IoT Blog
IoT Blog

LTE Ain't LTE - Selecting the Right Device for Your Application

by Dave Clement, Consulting Engineer, Renfell Engineering

LTE (Long Term Evolution) is the catch all term for the extension of the GSM/EDGE (2G) and UMTS/HSPA (3G) cellular technologies to increase capacity and throughput to meet current user requirements.

Commonly known as 4G, everyone is now used to 4G/LTE on their cell phones - so now everybody must have LTE based devices for their cellular application. But the term 'LTE' covers several different technologies - some of which are mutually exclusive and are unable to be implemented on the same piece of silicon.
So how do we select the correct device for our application?

Decoding LTE terminology

LTE covers a range of categories with different throughputs - and device selection depends on the data and power use cases for your particular application.

Rough guide to LTE Categories

The table below indicates the peak theoretical download and upload throughputs for each of the commonly available LTE categories.

LTE Category

DL

UL

CAT-5

300

75

CAT-3

102

51

CAT-1

10

5

CAT-M1

0.3

0.375

CAT-NB1

0.023

0.058

Note:

  • DL is Download speed in Mega Bits Per Second (Mbps)
  • UL is Upload speed in Mega Bits Per Second (Mbps)
  • not all categories are supported by all operators.

Selecting the correct device

Selection of LTE technology will depend on a few things:
• Data throughput
• Operator support
• Power supply

Here's a simple selection process to choose the appropriate LTE device for your application:

lte guest blog



Step 1. How much data do you need to transmit and receive between your device and the 'cloud'?

If you have more than about 300kBytes/sec upload or download between your application and the cloud - or need voice services - then you're going to have to go with the heavyweight LTE category devices - CAT-1/CAT-3/CAT-5 etc. These categories are typically the same as is used in a cell-phone/smart-phone and don't allow allow the low-power modes/low power consumption that you might require.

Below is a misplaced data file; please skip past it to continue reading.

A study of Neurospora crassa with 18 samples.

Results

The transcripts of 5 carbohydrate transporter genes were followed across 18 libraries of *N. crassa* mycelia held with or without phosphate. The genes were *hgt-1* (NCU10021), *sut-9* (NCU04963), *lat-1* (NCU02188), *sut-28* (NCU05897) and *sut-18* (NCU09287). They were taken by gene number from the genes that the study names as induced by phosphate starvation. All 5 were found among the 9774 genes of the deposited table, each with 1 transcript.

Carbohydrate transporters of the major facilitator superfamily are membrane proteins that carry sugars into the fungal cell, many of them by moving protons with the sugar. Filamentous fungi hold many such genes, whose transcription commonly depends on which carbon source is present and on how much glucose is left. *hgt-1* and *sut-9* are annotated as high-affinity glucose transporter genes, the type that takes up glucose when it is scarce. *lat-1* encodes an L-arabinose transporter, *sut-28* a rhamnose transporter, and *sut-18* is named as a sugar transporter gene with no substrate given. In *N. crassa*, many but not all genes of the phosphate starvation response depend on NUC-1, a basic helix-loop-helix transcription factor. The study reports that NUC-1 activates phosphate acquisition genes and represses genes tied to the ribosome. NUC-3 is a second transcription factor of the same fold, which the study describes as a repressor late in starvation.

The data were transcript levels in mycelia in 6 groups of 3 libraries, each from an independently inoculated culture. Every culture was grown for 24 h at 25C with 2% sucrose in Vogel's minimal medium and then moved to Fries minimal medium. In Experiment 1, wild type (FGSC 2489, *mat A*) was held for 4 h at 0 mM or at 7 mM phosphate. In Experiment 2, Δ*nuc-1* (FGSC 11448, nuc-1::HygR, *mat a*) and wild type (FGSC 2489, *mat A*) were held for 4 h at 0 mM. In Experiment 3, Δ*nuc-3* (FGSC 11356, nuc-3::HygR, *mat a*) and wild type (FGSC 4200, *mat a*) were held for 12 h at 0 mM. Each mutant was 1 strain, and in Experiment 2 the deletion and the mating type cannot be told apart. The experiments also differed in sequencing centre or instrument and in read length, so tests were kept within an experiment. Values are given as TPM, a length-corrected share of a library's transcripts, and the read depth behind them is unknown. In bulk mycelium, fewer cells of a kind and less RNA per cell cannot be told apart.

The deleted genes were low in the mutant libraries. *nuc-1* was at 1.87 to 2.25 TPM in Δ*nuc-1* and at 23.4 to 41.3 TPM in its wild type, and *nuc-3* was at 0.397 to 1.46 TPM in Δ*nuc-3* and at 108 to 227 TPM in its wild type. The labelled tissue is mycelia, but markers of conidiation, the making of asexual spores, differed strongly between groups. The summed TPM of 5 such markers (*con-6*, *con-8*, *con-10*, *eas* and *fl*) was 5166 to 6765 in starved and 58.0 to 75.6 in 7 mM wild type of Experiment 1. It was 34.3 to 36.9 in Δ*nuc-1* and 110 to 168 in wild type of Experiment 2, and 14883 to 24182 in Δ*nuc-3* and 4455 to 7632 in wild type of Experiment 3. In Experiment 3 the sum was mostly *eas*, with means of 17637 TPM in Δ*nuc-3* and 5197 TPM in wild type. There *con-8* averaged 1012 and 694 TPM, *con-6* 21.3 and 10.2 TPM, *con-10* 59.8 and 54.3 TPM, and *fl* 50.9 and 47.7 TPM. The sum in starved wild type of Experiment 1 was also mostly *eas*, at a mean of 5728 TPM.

If this is the case, you're stuck with using one of the heavyweight LTE devices.

Otherwise, if you have to move fewer than about 300kBytes/sec throughput, then you have the opportunity to use a device that supports the new low-power/low-bandwidth LTE categories - CAT-M1 or CAT-NB1 (also known as NB-IoT by some operators). These categories are specifically designed for Internet of Things (IoT) solutions.

Step 2. Is the device going to be moving around (e.g. a tracker) or mostly stationary (e.g. a smart meter)?

If you have a low bandwidth device that has to move about, then you need to use a CAT-M1 device to manage low power radio modes while moving around. CAT-M1 can put the cell radio into a 'low power' (sort of sleep) mode that can be woken up and immediately reconnect to the network, transfer data and then go back to sleep, no matter what cell the device is currently in.

NB-IoT has an even lower data throughput than CAT-M1 and can also put the cell radio into low-power mode and wake up immediately - but if the device has changed cells then the cell radio has to re-establish the cellular connection registration which uses time and power.

Step 3. Does your operator of choice support LTE CAT-M1 and/or LTE CAT-NB1?

Before getting excited about the possibility of using low power/low bandwidth CAT-M1 or CAT-NB1, you need to check that your operator actually supports one or both of these new categories. Just because the operator supports LTE (or 4G) services, doesn't mean that they support these new categories. In particular, European operators are still rolling out service upgrades to implement either of these categories. Additionally, not all operators are supporting both CAT-M1 and CAT-NB1 on their networks - some are only supporting one or the other.

If your operator does not support (or is not yet supporting) CAT-M1 or CAT-NB1 then you're out of luck - and will have to continue to use a heavy weight LTE category device. If this is the case, you're stuck with using one of the heavy weight LTE devices.

Conclusion
This note has provided a method that guides you through the complexities of selecting an appropriate LTE device to meet your communications needs. By following this method, it is hoped that you will be able to make the optimal choice the first time without making expensive mistakes.

This blog was originally published in December 2018 on A Little Slice of mangOH.